Crimson Tide Has A Long History Of Frustration At The Hands Of The Irish, But Can Thank Them For One Great Coach
The series history between Alabama and Notre Dame isn’t long. But it sure is historic.
The storied schools have played just seven times but four of them have had National Championship implications. The most famous of these is the 1973 Sugar Bowl, Bear vs. Ara, in what Sports Illustrated dubbed “the sweet Sugar.”
The game lived up to its billing. It went down to the wire with the Irish winning 24-23 on a missed extra point and a daring – at the time – pass out of the end zone on third down by Notre Dame to end the game.
The association of Alabama and Notre Dame football, however, begins way before Bear Bryant, Ara Parseghian and that famous Sugar Bowl.
It goes all the way back to the 1930s when Frank Thomas became head coach at Alabama. He came from Notre Dame, where he played quarterback for Knute Rockne. And it was a success for the Tide – Thomas was inducted into the Hall of Fame, has the school’s third best winning percentage behind Bryant and Nick Saban and and won two National Championships.
From there, tho, things haven’t been quite as chummy between the two schools, certainly from an Alabama standpoint. Before they met on the field, Bryant and Alabama were twice bested by Notre Dame by the poll voters.
The first was in 1966. Parseghian had (wisely as it turned out) played for a tie in a 1 vs. 2 matchup against Michigan State to end the regular season. Alabama had gone undefeated, including a trouncing of Nebraska in a bowl game (ND did not go to bowl games in those days). Yet the Irish were crowned champions by the pollsters. To this day, players on that team still refer to that year as the “missing ring” season.
Little more than a decade later, Notre Dame leaped from No. 5 to No. 1 – and over Alabama – for the 1977 National Championship. That really set the blood boiling of Tide fans, especially when factoring in the fact the Irish had lost that year to Ole Miss, a team Alabama had pounded 34-14.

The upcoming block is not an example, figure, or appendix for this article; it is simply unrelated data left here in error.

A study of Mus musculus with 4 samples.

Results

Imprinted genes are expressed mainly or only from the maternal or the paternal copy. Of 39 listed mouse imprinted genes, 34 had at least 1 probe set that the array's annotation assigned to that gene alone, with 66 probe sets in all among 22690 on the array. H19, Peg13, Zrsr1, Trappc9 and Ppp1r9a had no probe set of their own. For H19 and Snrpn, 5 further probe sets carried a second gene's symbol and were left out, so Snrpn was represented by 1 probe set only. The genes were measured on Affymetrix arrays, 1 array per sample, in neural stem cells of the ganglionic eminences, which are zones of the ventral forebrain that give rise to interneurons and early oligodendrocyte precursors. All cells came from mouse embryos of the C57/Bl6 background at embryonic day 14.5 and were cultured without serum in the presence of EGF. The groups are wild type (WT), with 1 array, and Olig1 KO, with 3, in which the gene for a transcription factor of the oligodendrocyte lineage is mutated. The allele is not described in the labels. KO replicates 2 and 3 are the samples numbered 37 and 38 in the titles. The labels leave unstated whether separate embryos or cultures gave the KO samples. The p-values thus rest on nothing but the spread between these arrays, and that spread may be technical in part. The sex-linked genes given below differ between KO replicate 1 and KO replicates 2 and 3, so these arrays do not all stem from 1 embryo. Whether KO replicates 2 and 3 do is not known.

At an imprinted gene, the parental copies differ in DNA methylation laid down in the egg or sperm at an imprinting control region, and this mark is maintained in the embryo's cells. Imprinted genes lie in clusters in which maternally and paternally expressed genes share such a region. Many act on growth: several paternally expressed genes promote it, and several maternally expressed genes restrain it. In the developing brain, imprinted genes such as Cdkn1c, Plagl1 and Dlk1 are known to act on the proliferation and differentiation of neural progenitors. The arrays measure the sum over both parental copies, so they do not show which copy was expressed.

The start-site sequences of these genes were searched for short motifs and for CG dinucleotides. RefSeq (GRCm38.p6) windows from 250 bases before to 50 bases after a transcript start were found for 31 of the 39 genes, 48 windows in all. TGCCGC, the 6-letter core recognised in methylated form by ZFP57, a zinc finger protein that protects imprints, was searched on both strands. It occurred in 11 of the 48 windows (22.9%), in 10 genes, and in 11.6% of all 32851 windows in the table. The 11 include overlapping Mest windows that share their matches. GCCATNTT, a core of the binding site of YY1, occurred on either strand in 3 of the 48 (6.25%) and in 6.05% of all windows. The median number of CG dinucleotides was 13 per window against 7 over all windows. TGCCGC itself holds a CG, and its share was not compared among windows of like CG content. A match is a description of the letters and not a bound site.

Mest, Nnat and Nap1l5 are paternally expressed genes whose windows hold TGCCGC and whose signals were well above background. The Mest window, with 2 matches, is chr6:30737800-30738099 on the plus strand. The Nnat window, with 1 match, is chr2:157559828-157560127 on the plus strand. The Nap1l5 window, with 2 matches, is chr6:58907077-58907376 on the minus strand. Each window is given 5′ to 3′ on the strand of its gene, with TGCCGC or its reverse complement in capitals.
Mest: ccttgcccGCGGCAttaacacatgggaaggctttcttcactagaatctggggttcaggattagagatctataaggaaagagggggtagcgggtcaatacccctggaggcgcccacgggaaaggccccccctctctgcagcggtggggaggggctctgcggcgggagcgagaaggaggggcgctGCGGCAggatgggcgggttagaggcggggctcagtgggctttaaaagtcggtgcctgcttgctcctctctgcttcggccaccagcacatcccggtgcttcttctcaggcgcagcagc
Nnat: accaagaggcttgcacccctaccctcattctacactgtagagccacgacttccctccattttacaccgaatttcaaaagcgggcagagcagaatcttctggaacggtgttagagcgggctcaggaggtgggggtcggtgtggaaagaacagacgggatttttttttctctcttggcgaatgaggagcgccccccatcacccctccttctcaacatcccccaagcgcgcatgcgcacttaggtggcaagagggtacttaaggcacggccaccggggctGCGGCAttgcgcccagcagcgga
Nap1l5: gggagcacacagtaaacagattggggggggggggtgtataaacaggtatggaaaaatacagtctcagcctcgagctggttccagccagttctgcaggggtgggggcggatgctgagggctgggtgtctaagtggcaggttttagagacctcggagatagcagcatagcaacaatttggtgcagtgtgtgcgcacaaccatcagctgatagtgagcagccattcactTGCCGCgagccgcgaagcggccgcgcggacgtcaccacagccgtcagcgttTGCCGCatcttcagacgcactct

Between those “robbed” seasons (which would have added two National Championships to Bryant’s record of six) there were consecutive on-field losses, both of which cost Bama titles and won one for Notre Dame.
The first was the instant classic Sugar Bowl. That was followed the following year by a two-point loss in the Orange Bowl. In the latter, Alabama was again undefeated going into the game. But a fired-up Notre Dame, inspired by the surprise and sudden retirement announcement of their coach, could not be beaten that night in Miami.
Bryant’s Bama played the Irish in a regular season game in 1980, with Notre Dame winning 7-0 in Legion Field. The Tide, coming off back-to-back (and what should have been three consecutive) National Championships, fumbled twice on its goal line to lose that one. Alabama finished 10-2 that year as the Tide began to slide, as did Bryant’s health.
Alabama finally beat Notre Dame in a regular season game, 28-10 in 1986 under Ray Perkins, but lost the next year 37-6 under Bill Curry to complete the two-season home-and-home series. Lou Holtz was the Irish coach both of those years.
The next meeting was the 42-14 beatdown for the National Championship, which was a measure of redemption for veteran Alabama fans.
But it was also provided relief, as many just lifted up a drink in a cheers to friends and said “finally!”